Monday, August 20, 2007

The God and Science Discussions pt 2

Please let us remember the rules...

The second part to answering the question

At your convenience, could you explain how a woman who believes in God and his Word does not believe that He created mankind?

gets a little stickier. It also has me venturing into the before mentioned realm of theology. And as I stated before, I am most assuredly not a theologian. But, here is my stab at my personal view of biblical interpretation.

*deep breath*

I believe that every word of the bible is true. That does not mean, however, that I believe every word of the bible to be fact. I believe the bible is the living word of God. But, I also believe that the perfect word had to go through the filter of a flawed human being. I am Catholic and if their is one thing that the Vatican takes seriously it is exegesis. I learned my faith and my view of biblical interpretation from my Catholic upbringing. So, for full disclosure here is what a once Cardinal Ratzinger (aka Pope Benedict XVI) said about exegesis.
The eternal Word became incarnate at a precise period of history, within a clearly defined cultural and social environment. Anyone who desires to understand the word of God should humbly seek it out there where it has made itself visible and accept to this end the necessary help of human knowledge. Addressing men and women, from the beginnings of the Old Testament onward, God made use of all the possibilities of human language, while at the same time accepting that his word be subject to the constraints caused by the limitations of this language. Proper respect for inspired Scripture requires undertaking all the labors necessary to gain a thorough grasp of its meaning.
and then
Consequently Catholic exegesis freely makes use of the scientific methods and approaches which allow a better grasp of the meaning of texts in their linguistic, literary, socio-cultural, religious and historical contexts, while explaining them as well through studying their sources and attending to the personality of each author.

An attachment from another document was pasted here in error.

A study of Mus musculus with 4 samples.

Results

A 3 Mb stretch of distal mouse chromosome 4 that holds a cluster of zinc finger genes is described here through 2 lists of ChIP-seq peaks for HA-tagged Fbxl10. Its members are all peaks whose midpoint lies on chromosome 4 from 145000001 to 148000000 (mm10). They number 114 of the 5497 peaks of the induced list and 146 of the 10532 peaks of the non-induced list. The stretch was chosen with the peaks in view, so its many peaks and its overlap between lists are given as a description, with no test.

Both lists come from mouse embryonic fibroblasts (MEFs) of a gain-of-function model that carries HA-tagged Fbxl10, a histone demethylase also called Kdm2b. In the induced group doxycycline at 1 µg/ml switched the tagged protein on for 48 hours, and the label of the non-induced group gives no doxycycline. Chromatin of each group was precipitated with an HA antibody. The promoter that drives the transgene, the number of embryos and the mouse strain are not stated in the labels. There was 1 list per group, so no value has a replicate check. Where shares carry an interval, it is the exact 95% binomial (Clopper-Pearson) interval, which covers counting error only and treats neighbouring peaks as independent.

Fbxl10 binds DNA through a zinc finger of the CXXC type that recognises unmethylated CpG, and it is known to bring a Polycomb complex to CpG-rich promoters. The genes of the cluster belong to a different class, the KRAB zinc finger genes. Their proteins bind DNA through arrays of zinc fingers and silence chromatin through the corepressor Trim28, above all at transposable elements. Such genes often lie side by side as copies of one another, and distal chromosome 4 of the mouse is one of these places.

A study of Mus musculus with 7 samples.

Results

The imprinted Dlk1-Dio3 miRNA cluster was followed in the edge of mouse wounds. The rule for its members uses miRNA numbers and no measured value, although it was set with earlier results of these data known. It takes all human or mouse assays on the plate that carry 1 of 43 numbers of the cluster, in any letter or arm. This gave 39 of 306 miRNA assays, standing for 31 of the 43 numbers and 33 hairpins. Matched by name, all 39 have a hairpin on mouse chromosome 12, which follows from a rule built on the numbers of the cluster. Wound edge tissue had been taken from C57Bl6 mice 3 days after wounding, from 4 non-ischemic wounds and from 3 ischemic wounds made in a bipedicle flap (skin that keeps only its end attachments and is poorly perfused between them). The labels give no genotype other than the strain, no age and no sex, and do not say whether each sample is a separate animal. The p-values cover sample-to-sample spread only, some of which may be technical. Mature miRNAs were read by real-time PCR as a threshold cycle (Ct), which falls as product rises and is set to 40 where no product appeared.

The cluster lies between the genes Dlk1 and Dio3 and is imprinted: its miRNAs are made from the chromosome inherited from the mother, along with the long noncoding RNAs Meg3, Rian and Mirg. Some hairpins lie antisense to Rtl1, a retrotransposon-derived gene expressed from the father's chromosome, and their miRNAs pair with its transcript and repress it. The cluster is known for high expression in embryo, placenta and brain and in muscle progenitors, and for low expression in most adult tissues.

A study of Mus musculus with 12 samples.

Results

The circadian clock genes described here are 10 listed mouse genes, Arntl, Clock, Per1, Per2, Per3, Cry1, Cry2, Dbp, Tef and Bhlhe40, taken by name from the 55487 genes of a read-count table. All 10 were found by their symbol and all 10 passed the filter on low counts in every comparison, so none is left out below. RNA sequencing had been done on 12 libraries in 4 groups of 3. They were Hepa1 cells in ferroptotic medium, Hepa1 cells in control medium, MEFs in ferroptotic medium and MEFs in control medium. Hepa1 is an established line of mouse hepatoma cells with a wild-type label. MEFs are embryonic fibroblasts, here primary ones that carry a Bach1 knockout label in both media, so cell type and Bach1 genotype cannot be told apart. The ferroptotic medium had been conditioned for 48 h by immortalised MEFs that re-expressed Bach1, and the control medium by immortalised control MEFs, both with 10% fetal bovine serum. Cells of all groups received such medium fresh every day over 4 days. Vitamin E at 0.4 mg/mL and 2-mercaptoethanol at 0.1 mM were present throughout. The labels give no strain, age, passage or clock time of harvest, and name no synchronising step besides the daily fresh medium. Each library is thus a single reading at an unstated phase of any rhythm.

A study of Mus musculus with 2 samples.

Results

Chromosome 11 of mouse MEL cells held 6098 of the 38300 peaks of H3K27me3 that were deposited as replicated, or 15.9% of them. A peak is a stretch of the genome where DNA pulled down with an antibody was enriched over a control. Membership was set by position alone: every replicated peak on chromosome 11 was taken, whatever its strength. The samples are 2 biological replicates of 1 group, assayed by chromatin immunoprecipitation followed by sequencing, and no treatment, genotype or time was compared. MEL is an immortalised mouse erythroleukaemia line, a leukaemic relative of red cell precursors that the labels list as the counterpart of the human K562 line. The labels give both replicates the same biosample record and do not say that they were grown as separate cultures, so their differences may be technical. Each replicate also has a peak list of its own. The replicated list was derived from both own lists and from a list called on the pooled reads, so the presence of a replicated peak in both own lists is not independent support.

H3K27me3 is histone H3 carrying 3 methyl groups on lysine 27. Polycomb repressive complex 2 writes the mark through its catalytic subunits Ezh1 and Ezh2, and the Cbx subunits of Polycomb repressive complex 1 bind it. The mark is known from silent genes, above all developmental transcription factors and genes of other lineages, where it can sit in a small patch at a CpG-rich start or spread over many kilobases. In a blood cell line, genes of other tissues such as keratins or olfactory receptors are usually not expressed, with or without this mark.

So, this is where I'm coming from. In reading the bible literally, I believe there is a danger of keeping the word in the past. of it becoming too much of a historical document. Are there important historical events recorded in the bible? oh yeah. And do all people who read the bible literally read it as a strictly historical document? of course not. But, I have seen this danger.

The beauty for me of the bible is the universality of the people in it. I have screamed (or whined depending on the circumstance) at the front of the cave "I have been very zealous for the Lord God Almighty. I have moved here to the middle of nowhere to minister to this congregation, I have no access to infertility support, the church has rejected your call to service, my husband is doing mission work in Guatemala for 3 weeks and I am here scrubbing the blood of my lost baby out of the grout of my bathroom tile!"

When reading the story of Adam and Eve, it becomes a factual biography as it were, of two people who lived a long time ago instead of a story of me. The story of me and my life. God has created for me a perfect paradise and if I stay in him and live as he has guided me, following his will, then I can stay here and live my life joyfully. But, no. I'm scrambling up that tree over and over because I want to know what God knows. I want to make sure that I agree with what he has planned. I want it to be about my will. So, I eat the fruit. And I look at what God has seen as perfectly wonderful and I disagree. God never told Adam and Eve to clothe themselves. He didn't see it as a problem that they were naked. They decided that. They decided that what God created wasn't right. I try to change and control things and soon I'm in exile wondering how God could have done this to me. But the reality is that I, like Adam and Eve, created this all by myself. I'm the one who wasn't satisfied in the Garden of Eden. I am Sarah. I am Peter. I am Mary Magdalen. I am David. Their stories are my stories. And God reaches out to me over and over again, the way he did to them.

But, for me it is important to read the bible keeping in mind the historical context, the literary devices, the audience the books were written for. I don't have to be purified after my period, I don't think pork is unclean, I don't send my mildewy clothes to the priest for 7 days to see if they need to be burned. There is plenty of stuff that doesn't apply to our society today. I do not believe that Noah lived to be 950 years in terms of our 365 day years. And I do not believe that God ever ordained the killing of innocents in his name. So, where does that leave me? Does that make the bible irrelevant for me? Absolutely not. God is in the bible as he has been throughout history and is with us today. The story of God's love for his creation and his constant reaching out to it over and over is central to my understanding of God, myself and my faith.


Anonymous said...

So do you believe He created the world or do you believe it evolved over millions of years?
How does Genesis read to you?
PS, curious here, not disrespectful.

Cakes said...

patience. patience. I'm finishing up that post right now. I'll post it tonight. I wanted that post to be separate because I have some questions of my own to ask you guys!